The Old Man, the Boy & the Donkey

October 7, 2010

An old man and a young boy were traveling through a village with their donkey. The boy rode on the donkey and the old man walked. As they went along they passed some people who remarked it was a shame that the old man was walking and the boy was riding.
The man and boy thought maybe the critics were right, so they changed positions.
Later, they passed some people that remarked, “What a shame, he makes that little boy walk.” They then decided they both would walk.
Soon they passed some more people who thought they were silly to walk when they had a decent donkey to ride. So, they both rode the donkey.
Now they passed some people that shamed them by saying, “How awful to put such a load on a poor donkey.”
The boy and the old man said they were probably right, so they decided to carry the donkey. As they crossed the bridge, they lost their grip on the animal and he fell into the river and drowned.
With a tear in his eye, watching his donkey being carried away by the current, the old man turned to the boy and said “Young boy, fools are the ones that listen to the world!”
While you might think that this story is about my father (the old man) and I, it’s not! In the story everyone had an opinion about how the donkey should be used, likewise, everyone has an opinion about mortgage financing and how best to go about it. Think of the conversation at the water cooler or the next neighborhood barbecue.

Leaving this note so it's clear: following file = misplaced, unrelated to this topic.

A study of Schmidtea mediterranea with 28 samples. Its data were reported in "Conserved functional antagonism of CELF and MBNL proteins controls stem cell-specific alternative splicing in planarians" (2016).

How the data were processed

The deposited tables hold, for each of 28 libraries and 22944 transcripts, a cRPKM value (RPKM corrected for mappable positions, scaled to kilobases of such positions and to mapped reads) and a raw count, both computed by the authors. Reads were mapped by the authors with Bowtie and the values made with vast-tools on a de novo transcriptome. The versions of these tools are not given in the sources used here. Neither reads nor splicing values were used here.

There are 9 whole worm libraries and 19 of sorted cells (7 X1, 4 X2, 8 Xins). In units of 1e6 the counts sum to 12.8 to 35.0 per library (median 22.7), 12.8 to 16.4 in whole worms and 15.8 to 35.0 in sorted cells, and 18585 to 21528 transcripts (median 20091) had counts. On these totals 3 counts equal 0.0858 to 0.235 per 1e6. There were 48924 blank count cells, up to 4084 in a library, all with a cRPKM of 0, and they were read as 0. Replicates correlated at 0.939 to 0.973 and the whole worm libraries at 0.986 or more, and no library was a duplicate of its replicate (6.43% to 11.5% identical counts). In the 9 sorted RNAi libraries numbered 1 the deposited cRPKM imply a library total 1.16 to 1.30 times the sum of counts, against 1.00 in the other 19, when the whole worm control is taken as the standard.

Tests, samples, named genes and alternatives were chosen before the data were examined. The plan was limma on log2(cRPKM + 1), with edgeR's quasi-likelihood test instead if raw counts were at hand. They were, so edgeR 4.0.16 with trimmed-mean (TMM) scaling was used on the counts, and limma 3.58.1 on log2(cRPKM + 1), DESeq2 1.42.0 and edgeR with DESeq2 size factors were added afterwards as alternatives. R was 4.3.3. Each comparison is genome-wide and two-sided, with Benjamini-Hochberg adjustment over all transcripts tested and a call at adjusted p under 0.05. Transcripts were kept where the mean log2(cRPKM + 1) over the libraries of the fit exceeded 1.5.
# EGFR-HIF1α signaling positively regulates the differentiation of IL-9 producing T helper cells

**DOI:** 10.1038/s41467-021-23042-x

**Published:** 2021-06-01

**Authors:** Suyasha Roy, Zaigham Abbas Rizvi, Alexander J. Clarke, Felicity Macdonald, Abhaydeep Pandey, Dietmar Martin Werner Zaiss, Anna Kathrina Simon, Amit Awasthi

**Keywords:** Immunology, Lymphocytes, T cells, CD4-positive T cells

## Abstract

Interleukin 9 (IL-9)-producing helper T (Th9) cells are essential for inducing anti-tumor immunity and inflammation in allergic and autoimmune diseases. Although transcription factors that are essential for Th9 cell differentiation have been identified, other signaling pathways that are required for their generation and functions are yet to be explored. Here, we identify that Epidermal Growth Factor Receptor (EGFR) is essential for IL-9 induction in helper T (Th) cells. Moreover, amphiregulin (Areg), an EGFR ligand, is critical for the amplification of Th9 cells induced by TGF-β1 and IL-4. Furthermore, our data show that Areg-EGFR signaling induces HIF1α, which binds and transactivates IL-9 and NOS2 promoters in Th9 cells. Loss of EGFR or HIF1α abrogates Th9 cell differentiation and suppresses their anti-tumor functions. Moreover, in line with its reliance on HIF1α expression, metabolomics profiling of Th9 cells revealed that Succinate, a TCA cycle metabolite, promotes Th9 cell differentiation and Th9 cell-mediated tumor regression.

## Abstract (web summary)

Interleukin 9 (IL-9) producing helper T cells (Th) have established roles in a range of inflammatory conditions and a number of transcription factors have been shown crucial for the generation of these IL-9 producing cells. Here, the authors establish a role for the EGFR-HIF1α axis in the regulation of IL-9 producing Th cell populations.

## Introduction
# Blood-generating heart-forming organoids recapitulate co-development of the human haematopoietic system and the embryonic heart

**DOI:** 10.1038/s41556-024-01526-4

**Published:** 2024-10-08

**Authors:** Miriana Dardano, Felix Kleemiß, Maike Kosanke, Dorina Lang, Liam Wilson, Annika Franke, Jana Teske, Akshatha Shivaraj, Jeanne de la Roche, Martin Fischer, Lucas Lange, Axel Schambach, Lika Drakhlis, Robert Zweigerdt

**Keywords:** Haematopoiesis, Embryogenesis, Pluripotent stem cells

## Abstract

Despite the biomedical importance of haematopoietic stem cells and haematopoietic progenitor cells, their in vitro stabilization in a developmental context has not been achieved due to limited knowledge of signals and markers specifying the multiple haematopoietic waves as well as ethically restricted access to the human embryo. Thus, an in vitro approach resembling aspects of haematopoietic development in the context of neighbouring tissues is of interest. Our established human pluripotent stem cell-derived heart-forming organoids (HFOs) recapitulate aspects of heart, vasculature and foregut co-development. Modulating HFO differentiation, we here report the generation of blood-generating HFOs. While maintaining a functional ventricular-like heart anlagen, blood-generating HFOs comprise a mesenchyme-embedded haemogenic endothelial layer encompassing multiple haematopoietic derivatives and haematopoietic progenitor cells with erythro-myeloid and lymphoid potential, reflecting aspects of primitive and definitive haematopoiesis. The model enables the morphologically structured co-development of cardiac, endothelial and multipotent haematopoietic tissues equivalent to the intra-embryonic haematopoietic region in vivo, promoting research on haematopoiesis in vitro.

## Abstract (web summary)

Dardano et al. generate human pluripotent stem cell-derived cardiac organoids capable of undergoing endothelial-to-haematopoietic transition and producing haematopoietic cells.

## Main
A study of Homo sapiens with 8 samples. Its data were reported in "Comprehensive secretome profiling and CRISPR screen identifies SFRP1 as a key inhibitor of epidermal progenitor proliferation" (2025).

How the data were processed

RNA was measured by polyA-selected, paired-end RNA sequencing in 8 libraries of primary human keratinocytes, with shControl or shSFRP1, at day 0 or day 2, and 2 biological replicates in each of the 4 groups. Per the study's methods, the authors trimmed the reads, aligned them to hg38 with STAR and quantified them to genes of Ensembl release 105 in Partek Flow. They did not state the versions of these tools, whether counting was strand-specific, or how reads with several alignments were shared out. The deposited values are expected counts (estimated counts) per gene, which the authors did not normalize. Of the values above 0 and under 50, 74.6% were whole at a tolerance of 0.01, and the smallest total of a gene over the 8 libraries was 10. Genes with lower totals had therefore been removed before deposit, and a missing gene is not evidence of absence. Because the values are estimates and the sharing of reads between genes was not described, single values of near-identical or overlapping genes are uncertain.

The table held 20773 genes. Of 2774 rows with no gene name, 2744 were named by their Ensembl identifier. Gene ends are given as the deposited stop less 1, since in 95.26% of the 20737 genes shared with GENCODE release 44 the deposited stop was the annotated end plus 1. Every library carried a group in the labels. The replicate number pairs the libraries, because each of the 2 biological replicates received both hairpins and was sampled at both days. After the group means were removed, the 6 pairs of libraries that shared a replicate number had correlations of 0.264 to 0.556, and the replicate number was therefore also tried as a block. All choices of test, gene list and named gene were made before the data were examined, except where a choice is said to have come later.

Over the years I have observed that most people think of mortgage financing as being very static. in reality, mortgage financing should be viewed as dynamic and fluid. The advice and guidance being offered should be the result of understanding current economic conditions, market timing and most importantly, personal circumstances.
For guidance about your mortgage give us a call. Christopher & Arnold Molder 416.461.0204ext2


Christopher Molder

Mortgage Broker

Christopher is a mortgage broker based in Toronto, Canada. And a son of a broker too. He’s a second generation mortgage broker. Following in his father’s steps he joined the family mortgage business straight out of university.